What Did You See at GlassBuild America?

John G. Swanson
September 17, 2013
THE TALK... | Markets & Trends

Due to some health limitations, I missed my first GlassBuild America this year. It left me feeling a bit isolated, I must say, knowing so much of the industry–and so many friends–were down in Atlanta, while I was stuck at home in New York. I'm sorry I missed the chance to say hi to so many of you, but I'm definitely in recovery mode and plan to be back on the road again soon.

Window & Door maintained a full staff of reporters at the event, with assistance from our sister publication, Glass Magazine.  Our online coverage ths week includes an overview report, photo highlights and continuing new product coverage.  But I also thought I'd take this opportunity to reach out directly to trade show attendees to see what new products, components, equipment and services for the residential window and door market were generating the most buzz. What new products or services do you think are most likely to have the biggest impact on window and door companies in the next few years? Please post a comment and share your thoughts.

Survey Results as of 09/24/2013:

 

What types of products do you foresee having the most positive impact on your business in the next few years?

New glass technologies

  

 

38%

 

New equipment

  

 

21%

 

New software

  

 

16%

 

New framing systems

  

 

10%

 

New finish options

  

 

10%

 

New hardware

  

 

3%

 

New glass technologies apparently captured the attention of many attendees at GlassBuild America this year. No doubt, some of the products of interest were new coated glasses designed to help manufacturers meet Energy Star Version 6 requirements with double-glazed windows. Of course, the show has also seen a steady increase in dynamic glazing products on display in recent years. While most suppliers of such products seem more focused on commercial and institutional applications, perhaps interest is growing in residential applications too.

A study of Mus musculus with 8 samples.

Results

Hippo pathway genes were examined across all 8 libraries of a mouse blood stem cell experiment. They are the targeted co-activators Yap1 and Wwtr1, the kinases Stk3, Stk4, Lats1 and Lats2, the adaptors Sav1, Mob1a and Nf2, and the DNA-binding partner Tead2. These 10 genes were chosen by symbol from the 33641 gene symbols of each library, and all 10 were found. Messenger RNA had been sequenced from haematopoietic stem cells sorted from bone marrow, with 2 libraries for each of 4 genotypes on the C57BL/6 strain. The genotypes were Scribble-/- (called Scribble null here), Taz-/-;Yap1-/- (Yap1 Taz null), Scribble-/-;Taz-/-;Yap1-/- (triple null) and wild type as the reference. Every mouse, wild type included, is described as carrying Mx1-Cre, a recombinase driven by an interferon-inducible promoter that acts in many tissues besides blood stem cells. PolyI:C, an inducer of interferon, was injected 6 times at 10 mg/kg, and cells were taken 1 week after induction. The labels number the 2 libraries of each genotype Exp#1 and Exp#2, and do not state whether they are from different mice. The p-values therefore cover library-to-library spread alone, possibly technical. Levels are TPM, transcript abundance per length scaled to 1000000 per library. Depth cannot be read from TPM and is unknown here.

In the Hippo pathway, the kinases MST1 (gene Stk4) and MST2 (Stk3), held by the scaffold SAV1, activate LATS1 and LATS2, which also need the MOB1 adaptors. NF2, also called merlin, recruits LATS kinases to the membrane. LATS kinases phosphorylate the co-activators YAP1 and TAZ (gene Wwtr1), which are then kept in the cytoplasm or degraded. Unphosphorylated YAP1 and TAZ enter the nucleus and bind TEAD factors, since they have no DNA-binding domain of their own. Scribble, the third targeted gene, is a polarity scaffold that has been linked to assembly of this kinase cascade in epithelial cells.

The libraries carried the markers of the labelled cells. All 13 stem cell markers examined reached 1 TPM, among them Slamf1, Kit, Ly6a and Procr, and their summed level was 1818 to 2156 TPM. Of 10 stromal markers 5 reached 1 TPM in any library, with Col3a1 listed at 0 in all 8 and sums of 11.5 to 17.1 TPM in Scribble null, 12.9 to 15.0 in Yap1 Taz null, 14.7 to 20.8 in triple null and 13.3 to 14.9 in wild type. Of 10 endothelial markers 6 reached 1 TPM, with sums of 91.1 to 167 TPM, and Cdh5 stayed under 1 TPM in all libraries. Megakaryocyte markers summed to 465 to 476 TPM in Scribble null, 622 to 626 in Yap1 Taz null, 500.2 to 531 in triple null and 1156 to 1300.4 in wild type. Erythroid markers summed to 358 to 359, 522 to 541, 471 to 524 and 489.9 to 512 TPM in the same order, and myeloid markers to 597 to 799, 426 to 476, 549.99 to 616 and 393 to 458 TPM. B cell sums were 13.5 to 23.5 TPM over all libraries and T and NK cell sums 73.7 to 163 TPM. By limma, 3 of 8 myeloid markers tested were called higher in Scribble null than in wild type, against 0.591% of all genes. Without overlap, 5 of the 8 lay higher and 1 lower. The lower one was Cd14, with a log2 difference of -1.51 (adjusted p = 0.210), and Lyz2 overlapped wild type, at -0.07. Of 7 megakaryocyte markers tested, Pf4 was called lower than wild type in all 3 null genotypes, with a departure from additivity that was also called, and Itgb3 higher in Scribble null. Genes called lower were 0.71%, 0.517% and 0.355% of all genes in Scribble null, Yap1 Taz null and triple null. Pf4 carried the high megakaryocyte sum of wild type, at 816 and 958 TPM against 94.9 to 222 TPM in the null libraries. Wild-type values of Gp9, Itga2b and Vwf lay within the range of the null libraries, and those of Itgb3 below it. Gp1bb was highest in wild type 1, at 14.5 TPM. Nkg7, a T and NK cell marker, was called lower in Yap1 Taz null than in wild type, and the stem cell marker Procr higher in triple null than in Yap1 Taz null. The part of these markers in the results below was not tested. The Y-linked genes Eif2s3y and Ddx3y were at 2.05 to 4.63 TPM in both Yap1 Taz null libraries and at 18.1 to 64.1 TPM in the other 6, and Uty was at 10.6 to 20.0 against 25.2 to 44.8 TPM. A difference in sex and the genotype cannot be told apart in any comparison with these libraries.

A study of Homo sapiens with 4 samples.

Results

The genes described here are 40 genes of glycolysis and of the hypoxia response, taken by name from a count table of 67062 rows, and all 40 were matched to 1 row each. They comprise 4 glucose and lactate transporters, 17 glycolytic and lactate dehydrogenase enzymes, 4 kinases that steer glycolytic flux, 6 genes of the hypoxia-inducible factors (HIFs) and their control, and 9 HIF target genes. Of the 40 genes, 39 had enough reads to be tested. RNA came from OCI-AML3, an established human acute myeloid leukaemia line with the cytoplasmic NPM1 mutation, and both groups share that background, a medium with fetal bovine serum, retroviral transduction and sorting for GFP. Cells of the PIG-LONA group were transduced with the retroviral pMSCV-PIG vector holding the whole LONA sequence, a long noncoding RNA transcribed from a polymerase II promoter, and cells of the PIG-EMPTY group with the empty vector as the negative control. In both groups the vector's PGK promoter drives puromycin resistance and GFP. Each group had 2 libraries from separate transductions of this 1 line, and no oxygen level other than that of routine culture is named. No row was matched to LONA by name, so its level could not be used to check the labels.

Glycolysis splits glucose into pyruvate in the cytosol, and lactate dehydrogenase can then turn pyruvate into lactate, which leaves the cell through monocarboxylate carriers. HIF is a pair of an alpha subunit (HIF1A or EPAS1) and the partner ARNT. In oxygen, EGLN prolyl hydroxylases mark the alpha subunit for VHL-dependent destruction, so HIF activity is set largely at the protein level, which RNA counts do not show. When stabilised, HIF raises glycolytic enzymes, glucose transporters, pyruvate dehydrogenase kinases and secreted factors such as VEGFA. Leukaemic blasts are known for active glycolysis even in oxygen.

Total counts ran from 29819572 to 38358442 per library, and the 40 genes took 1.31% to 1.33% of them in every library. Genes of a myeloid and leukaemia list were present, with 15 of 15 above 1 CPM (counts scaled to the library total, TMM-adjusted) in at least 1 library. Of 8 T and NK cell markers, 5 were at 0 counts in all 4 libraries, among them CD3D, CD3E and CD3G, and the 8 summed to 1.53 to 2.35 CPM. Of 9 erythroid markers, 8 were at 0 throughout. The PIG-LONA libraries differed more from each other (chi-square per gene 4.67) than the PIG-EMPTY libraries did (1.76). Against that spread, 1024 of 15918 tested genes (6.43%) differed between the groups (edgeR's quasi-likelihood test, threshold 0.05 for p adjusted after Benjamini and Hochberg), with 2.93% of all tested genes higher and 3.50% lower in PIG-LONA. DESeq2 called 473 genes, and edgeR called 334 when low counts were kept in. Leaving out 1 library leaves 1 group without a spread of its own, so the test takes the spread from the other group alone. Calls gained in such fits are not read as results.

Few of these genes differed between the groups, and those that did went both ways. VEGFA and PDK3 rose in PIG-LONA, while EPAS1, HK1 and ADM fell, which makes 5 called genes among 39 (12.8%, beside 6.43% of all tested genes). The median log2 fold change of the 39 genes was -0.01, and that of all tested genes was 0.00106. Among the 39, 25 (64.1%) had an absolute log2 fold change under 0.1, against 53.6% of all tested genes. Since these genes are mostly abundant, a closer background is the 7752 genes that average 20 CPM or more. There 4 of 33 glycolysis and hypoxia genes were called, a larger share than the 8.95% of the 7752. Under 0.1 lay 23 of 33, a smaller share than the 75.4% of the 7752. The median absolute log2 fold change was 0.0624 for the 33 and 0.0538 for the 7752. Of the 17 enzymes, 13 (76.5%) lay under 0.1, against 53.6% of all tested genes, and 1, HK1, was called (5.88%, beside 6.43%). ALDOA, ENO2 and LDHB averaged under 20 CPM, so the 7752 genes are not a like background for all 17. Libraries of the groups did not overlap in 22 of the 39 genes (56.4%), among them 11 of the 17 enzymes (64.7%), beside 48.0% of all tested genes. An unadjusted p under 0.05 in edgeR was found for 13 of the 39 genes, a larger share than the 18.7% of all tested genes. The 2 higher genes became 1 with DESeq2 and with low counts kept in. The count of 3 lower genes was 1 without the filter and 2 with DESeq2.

Window and door makers traditionally come to GlassBuild America to see new equipment, and that was certainly true this year, as companies looked to upgrade or add new machines to meet growing demand. Among the noteworthy introductions in Atlanta was GED's new robotic corner cleaner, said to deliver higher quality, greater flexibility and reduced cycle times. 

Personally, I thought new software would score higher, given the fast pace of development in smart phone and tablet technology overall. I would think more window and door manufacturers would be looking to harness these technologies in their production, logistics, sales and service operations. 

I'd still like to hear your reports, and remember exhibitors, we have continuing coverage of new products introduced in Atlanta.  If you're not included, you're more than welcome to submit press releases, descriptive info and digital images to  jswanson@glass.org

Comments


You were definitely missed, but in the larger scheme of things, taking time to fully recover is far more important than another trade show... even if it was GlassBuild!

The trend toward bigger and bigger doors continues, as do the designs that include folding, accordion and frames with more than two tracks. Now, if someone could focus on an affordable screen for these wide openings.

There was some interesting equipment there, and anything that helps improve quality and throughput is worth a second look. "Gee whiz!" is nice, but only if it's a bonafide improvement.

Best of luck as you continue to improve!